Women and Minorities
We were having a discussion about race and gender inequalities after one of our Sunday gatherings a couple of weeks ago. A black, male friend of mine made the statement: "I'd rather be black than to be a woman of any color" (in reference to his view on which is harder, given our social stigmas). I was curious as to what others' thoughts were, especially if there are any minorities in our midst. Also, I wonder if our opinion of that statement would be different relative to which part of the world we are speaking of? Just thought it might make for some interesting discussion.



5 Comments:


  • At 2/15/2007 09:48:00 PM, Blogger Jemila Monroe

    Yes, I have encountered this same disparity of linguistic preference. Since I have found no consensus, I just switch it up and use both terms and hope I get lucky, or at least spread out any potential offense... or if I know someone well enough, I ask them which they prefer. I wish there were just no racism and associated problems so we could all just be people and celebrate diversity without having to worry so much about stepping on toes.

     
  • At 2/16/2007 10:23:00 AM, Blogger Lydia

    I'd rather be black than to be a woman of any color

    I can see where he's coming from.

    Early this morning my sister-in-law gave birth to a son.

    I was happy to hear that all went well, of course, but I also felt a profound sense of relief.

    There are many things I enjoy about being a woman....but I can't deny that my nephew's life will be much easier as a boy than it would have been if he was born female.

     
  • At 2/16/2007 02:28:00 PM, Blogger Lydia

    I didn't notice this question the first time around.

    I wonder if our opinion of that statement would be different relative to which part of the world we are speaking of?

    Yes.

    The life of a woman who lives in a part of Africa where female genital mutiliation, to give one example, is commonly practiced is going to be much more difficult than the life of a woman who lives in a society where it doesn't happen.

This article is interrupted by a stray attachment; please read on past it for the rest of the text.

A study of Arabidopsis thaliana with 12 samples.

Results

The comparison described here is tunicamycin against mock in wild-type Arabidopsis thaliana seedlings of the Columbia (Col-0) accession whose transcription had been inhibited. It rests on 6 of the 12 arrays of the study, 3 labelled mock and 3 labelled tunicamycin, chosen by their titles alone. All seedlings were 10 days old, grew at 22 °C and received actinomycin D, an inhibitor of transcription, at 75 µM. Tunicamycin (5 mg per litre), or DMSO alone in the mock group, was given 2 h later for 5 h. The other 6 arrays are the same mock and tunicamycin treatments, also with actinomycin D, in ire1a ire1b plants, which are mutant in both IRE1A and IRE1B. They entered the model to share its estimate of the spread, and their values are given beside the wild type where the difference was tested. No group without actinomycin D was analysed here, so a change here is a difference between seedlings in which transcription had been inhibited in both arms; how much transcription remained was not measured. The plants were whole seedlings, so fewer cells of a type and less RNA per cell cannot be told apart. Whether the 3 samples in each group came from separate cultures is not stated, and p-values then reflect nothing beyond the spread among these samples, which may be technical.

But there are also differences within each society.


    Social class, sexual orientation, race, religion, marital status, disability....all of these things are also important factors.

     
  • At 2/16/2007 02:51:00 PM, Blogger Amy

    I agree with Lydia that the social practices of different cultures are significant influences with regard to Cary's question. What I deal with as a woman in the US is radically different than women who must suffer through genital mutilation, girl babies that are abandoned in China with their futures in significant jeapardy.

    My husband is Mexican. It cracks me up over the years how many people ask if he's Asian (he's an engineer). Although it's never been a really big deal and my husband doesn't care a lick, I was really taken aback that people were so surprised to find out he was Mexican.

    For me, then, I'm pretty happy being a woman in this society. There's a lot of progress yet to be made, but the conversation, for the most part, is open. As far as places in the world where women are mutilated, discarded or treated as a possession for use rather than a fellow human being deserving of dignity and respect, I pray that I can make a difference. I pray for God's protection.

     
  • At 2/16/2007 09:29:00 PM, Blogger Jemila Monroe

    I think in many ways in our own western culture the hardest place to be a woman (esp if one is not naturally a fit with traditional female stereotypes and roles) is in conservative Christian Churches. Which is sad -- the very places where all people, including women should receive the greatest freedom and acceptance to express their God-given selves as gifts to the world is the very place where patriarchy pits traditionally oriented women against women who color outside traditional, male-defined lines.

    Yet being a man has serious drawbacks too. How much harder is it for a sensitive man to be validated AS A MAN? How much pressure do men face to be "good providers" even if they are naturally inclined to put spending time with their families first?

    In some ways, it's easier in (most) of our culture for women than men to "have it all" via spending a few years home with the children before going back to work, or working part-time, or going to school on a flexible schedule, or maxing out maternity leave before returning to work. These things are becoming more common for men, but they are still less acceptable than for women. And why should they be?